Friend Finder Network, Inc. is an adult services company and was reportedly hacked last October affecting 400 million accounts, which makes it the largest security hack ever.
Friend Finder Network, Inc. has several different websites and businesses including: Adultfriendfinder.com, Cams.com, Penthouse.com, Stripshow.com, and iCams.com. Over 400,000,000 accounts were affected in the hack, which was first reported by LeakedSource.com.
This is the second time Friend Finder has been hacked in the last two years. Hackers reportedly breached FriendFinder Networks last month and gaining access to AdultFriendFinder, which calls itself the “World’s largest sex & swinger community.” The hack also revealed the e-mail addresses and passwords to over 62 million accounts on Cams.com, a live webcam website and over 8 million accounts on several other Friend Finder adult websites.
How did hackers gain access to FriendFinder’s network of adult websites?
FriendFinder’s network was reportedly hacked through a local file inclusion exploit. A local file inclusion exploit works by affecting web applications that allow users to upload files to the website’s server. Once the file is executed by the server, the local file inclusion allows for a hacker to gain access to private information and possibly place code on the server, that allows for users to execute certain commands.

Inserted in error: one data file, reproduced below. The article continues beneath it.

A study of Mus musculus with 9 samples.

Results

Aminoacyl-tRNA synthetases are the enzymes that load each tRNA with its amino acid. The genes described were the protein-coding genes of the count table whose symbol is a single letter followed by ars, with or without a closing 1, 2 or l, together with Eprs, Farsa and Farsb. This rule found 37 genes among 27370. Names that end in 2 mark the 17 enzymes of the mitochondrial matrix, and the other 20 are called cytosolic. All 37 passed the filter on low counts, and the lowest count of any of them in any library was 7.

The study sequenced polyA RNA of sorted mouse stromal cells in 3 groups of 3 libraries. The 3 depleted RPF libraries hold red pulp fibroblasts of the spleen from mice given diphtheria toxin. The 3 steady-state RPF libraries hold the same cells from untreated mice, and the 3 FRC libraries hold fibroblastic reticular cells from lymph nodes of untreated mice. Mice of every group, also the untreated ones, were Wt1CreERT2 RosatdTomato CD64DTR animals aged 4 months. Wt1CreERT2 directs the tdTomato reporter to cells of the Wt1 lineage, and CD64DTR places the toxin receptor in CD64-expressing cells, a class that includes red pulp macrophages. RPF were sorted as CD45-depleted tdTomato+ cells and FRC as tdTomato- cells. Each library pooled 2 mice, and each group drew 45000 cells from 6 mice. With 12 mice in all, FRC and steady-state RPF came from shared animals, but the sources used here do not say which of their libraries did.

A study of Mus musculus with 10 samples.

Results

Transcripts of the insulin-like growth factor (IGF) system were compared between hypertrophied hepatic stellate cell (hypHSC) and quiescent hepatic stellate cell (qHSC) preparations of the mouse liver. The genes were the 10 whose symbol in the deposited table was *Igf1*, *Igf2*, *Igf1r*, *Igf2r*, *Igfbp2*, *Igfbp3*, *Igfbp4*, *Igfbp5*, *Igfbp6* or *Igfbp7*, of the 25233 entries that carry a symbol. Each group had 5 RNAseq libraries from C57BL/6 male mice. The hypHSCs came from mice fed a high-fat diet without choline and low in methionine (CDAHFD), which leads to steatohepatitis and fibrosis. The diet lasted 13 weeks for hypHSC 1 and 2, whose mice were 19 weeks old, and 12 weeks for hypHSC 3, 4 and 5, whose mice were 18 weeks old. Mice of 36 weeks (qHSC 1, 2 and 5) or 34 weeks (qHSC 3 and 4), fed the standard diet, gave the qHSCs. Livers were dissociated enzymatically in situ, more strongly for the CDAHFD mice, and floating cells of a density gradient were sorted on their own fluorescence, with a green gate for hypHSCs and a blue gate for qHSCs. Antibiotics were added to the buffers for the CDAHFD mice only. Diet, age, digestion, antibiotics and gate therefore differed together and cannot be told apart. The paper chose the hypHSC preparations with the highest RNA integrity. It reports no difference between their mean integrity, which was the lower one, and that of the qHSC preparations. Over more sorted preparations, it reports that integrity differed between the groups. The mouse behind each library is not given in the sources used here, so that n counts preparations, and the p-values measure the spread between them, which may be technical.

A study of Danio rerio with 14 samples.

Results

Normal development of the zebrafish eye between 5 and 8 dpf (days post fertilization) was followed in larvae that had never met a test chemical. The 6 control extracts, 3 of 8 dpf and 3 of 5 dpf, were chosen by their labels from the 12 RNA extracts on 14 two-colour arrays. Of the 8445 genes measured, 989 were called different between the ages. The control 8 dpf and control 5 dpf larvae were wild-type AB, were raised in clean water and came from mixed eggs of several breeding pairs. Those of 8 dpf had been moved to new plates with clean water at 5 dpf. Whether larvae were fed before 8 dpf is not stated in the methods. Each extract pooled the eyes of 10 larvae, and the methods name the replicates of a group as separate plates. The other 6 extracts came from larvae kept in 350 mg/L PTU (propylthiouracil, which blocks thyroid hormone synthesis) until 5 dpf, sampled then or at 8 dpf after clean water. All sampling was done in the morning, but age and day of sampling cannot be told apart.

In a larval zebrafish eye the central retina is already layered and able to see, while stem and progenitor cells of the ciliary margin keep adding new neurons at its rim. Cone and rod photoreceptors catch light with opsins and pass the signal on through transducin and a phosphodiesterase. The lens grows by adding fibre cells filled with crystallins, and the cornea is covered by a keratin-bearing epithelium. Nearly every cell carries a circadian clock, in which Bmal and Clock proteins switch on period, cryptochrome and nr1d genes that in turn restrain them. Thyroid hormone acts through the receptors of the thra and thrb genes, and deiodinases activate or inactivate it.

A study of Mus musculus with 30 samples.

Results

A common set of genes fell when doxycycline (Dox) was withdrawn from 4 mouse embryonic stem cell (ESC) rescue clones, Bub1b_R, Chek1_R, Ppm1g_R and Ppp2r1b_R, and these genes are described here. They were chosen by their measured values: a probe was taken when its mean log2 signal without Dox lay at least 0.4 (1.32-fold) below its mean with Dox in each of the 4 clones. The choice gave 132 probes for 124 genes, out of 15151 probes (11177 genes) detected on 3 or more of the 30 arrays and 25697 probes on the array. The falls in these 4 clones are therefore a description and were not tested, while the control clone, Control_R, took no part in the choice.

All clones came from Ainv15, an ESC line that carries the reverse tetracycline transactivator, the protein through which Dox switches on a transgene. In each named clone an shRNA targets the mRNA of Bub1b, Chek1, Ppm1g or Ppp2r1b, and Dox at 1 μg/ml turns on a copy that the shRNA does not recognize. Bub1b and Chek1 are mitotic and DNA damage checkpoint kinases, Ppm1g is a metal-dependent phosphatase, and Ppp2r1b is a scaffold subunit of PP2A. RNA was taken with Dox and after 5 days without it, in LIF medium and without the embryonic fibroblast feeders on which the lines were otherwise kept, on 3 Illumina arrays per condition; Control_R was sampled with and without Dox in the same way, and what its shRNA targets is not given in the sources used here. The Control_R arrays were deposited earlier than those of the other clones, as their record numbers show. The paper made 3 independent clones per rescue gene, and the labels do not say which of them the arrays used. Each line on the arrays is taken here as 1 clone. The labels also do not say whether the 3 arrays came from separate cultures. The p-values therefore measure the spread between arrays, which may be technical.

At this moment, LeakedSource says they do not plan on making the data searchable to the general public.
Is this serious?
Several major websites and companies have become victims of hacks including MySpace, Weebly, and Yahoo.
In June 2013 hackers were able to gain access to MySpace’s over 360 million users. MySpace later issued a statement saying, “Email addresses, Myspace usernames, and Myspace passwords for the affected Myspace accounts created prior to June 11, 2013 on the old Myspace platform are at risk.”
Just last week, Yahoo announced that they were hacked earlier than previously reported. It was reported that over 500 million user accounts were breached and private information including names, birthdates and unprotected security questions were revealed. Yahoo initially explained that a “recent investigation” but, hackers had access to Yahoo’s computer network at least a year and a half before the company launched an investigation and discovered personal information had been compromised.
In addition, the web design platform Weebly was hacked in February affecting 43 million accounts. Weebly responded to the hack by saying, “We do not believe that any customer website has been improperly accessed.”